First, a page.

Economic Measurement

The main theme of this blog is “Economic Measurement”. Economists, other social scientists, and policy makers all the time use concepts or data related to income, wealth, consumption, inflation, inequality, poverty, prices, purchasing power parities, productivity, efficiency, housing, happiness and comment about them. Local and international organisations are also heavily involved with measuring these concepts. Nonetheless there are still many conceptual and statistical issues that need to be better understood and measured. There are many researchers including some very distinguished economists [e.g. Angus Deaton, Erwin Diewert, …] working to address such issues. 

There are a number of professional societies devoted to economic measurement. Notable among them are the relatively new Society for Economic Measurement (SEM) which has been founded “to promote research on economic measurement, using advanced tools from economic theory, econometrics, aggregation theory, experimental economics, mathematics, and statistics”. The other is the International Association for Research in Income and Wealth (I.A.R.I.W.) with a long history and a large associated community that deals with economic measurement with more focus on income and wealth.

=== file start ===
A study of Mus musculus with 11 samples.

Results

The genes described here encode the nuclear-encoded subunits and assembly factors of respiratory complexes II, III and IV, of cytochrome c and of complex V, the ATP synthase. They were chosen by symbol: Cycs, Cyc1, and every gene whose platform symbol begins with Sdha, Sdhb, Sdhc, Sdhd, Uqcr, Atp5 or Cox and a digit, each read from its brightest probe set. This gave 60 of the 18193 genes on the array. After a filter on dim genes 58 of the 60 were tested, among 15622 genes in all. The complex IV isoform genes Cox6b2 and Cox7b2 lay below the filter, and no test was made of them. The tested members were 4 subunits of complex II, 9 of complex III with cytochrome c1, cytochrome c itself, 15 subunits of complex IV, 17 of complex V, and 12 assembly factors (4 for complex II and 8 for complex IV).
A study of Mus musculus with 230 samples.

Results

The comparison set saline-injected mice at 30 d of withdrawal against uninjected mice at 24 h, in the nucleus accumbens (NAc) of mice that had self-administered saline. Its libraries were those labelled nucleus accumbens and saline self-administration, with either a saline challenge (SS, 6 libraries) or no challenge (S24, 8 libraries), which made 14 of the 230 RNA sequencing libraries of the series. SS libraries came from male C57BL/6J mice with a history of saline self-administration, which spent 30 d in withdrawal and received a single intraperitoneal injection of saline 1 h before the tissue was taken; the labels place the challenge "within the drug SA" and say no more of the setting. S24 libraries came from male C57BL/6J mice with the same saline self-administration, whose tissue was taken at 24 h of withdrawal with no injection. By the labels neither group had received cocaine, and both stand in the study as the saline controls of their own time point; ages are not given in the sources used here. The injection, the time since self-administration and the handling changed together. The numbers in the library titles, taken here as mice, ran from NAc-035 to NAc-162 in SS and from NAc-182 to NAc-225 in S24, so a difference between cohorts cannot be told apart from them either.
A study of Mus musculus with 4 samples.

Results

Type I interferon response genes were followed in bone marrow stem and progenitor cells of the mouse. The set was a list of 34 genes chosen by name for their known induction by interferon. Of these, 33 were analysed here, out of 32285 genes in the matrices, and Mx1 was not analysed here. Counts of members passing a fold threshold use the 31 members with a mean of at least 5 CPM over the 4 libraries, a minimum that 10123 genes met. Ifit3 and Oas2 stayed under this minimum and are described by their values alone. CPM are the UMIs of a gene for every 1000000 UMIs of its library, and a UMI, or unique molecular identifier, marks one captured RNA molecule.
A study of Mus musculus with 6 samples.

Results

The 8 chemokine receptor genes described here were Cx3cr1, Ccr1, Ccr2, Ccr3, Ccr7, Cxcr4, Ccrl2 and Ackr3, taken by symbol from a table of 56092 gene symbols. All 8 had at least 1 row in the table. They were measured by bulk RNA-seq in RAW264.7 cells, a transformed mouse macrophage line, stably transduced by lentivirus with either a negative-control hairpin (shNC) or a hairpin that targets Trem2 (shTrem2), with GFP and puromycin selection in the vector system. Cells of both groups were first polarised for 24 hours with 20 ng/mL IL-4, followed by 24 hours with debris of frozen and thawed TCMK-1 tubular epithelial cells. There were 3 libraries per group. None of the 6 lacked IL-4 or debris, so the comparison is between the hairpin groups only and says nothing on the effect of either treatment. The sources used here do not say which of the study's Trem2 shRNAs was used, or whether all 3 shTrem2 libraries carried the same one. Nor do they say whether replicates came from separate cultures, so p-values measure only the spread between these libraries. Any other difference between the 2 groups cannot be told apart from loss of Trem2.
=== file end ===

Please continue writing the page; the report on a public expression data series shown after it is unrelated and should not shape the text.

There are also several conferences every year: There is now an annual International conference organised by Society for Economic Measurement (SEM). You can see the program for 2015 here. There are also International conferences organised by IARIW. Look at here for further information. There are also a number of productivity conferences (EWEPA, APPC, NAPW).

Please leave comments if you want to add to these or I have missed something important.